Our GMD is largely irrigation use - 97% plus. It then follows that if water use is to be reduced, working on a 10% reduction in the remaining 2% of usage is probably not the best approach. As such, we focus on the irrigation uses.
Traditional wisdom says "let's get more efficient with our irrigation use - we'll pump 20% less water." But, unfortunately this is not always going to be the case. Converting to higher efficieny irrigation can actually INCREASE water used by crops for production - even when less water is pumped and applied. Without a good understanding of what consumptive use was happening under the old irrigation systems, and specific constraints on irrigated acres and cropping patterns and irrigation management under the new systems, the conversions are not likely to save as much water as you calculate - if they'll save any water at all. They are, however, usually good for the producers' bottom lines.
Next usually comes: "Let's just regulate a 25% reduction in all water use." That'd work, but all water rights are different. 25% from the full water right is different than 25% from the partial right. And do you want to take this reduction from municipal, industrial, domestic and recreation rights as well? What about priority? Does the most senior right concede the same 25% as the most junior right? In Kansas where a water right is a property right to the use of the state's water, are there "takings" issues to be considered in a mandated reduction?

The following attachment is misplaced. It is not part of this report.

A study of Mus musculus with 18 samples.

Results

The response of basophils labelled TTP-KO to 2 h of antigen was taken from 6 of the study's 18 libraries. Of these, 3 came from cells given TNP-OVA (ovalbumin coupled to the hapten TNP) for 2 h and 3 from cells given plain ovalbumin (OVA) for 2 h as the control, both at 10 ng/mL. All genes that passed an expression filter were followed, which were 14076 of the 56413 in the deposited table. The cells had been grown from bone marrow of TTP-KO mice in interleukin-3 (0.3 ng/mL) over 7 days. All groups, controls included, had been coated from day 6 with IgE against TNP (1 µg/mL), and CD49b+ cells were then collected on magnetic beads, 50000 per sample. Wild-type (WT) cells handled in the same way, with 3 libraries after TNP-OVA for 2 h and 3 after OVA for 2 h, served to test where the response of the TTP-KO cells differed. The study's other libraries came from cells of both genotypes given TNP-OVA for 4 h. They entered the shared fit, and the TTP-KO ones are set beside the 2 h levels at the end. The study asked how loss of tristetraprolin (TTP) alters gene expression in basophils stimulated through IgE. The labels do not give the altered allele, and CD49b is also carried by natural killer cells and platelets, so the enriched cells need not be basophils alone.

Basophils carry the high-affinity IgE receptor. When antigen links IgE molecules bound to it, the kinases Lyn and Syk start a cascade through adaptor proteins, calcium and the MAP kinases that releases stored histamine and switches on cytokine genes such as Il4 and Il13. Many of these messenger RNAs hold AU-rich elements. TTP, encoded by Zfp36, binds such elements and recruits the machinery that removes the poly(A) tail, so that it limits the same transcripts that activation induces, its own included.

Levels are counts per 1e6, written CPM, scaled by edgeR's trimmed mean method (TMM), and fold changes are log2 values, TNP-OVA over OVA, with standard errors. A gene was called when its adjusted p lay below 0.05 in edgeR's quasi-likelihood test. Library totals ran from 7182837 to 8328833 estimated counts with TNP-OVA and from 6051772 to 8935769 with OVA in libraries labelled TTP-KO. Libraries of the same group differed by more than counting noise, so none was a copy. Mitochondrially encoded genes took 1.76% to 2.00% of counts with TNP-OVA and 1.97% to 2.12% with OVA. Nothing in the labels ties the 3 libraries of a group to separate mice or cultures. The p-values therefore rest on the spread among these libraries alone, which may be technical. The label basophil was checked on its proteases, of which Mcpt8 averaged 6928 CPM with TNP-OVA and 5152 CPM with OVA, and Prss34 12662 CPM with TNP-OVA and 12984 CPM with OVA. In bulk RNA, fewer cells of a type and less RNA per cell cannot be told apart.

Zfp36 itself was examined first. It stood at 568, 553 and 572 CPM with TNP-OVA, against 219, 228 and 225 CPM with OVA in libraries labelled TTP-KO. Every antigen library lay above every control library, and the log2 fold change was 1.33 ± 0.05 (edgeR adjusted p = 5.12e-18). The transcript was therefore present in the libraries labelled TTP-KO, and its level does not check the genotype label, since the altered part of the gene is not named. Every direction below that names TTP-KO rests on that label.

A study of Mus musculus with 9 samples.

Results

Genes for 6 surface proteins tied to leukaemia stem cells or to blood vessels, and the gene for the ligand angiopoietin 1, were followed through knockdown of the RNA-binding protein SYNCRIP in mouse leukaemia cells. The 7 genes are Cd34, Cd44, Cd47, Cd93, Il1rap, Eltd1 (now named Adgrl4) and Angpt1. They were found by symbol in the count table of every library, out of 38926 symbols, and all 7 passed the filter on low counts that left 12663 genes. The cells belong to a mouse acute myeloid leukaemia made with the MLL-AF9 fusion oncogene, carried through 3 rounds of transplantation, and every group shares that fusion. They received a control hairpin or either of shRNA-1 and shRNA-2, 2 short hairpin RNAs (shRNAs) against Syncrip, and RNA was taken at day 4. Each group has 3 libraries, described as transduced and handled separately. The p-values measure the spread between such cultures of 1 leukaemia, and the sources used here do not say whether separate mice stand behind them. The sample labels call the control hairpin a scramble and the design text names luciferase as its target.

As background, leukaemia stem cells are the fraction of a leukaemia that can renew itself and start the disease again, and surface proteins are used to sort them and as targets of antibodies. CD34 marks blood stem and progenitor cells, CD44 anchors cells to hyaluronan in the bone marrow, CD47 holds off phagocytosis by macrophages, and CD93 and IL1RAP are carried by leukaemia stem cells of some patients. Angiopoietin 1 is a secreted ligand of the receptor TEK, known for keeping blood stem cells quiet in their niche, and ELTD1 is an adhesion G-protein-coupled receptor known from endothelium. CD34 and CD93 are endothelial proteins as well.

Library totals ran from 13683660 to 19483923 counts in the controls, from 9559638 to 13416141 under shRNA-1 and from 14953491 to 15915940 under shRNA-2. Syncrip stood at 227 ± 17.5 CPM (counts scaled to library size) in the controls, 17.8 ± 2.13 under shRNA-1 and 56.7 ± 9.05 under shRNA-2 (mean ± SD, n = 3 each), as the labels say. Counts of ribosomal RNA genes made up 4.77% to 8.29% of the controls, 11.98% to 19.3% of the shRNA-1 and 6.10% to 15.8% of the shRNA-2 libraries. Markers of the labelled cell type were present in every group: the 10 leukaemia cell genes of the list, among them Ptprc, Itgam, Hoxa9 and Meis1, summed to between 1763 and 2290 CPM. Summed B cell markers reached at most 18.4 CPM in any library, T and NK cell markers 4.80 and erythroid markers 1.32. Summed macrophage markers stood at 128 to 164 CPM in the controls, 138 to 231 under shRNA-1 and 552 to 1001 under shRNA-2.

Usually someone gets around to the appropriation doctrine itself and calls for a 25% reduction based solely on priority. What happens if the most senior water rights to be protected are in the poorest part of the aquifer?
The market system usually gets air time, too. Water banking, water right auctions, transfers to higher economic uses, etc. But these can have significant impacts on the social fabric of the region because fundamental uses of water can change so much.
One thing is for sure - reducing water use by design is always about deciding if the water or the economy is more important, and then picking your poison. There is no way to change a deleterious trend without changing something about the system that caused the trend you want to change. This is why it's so hard to do.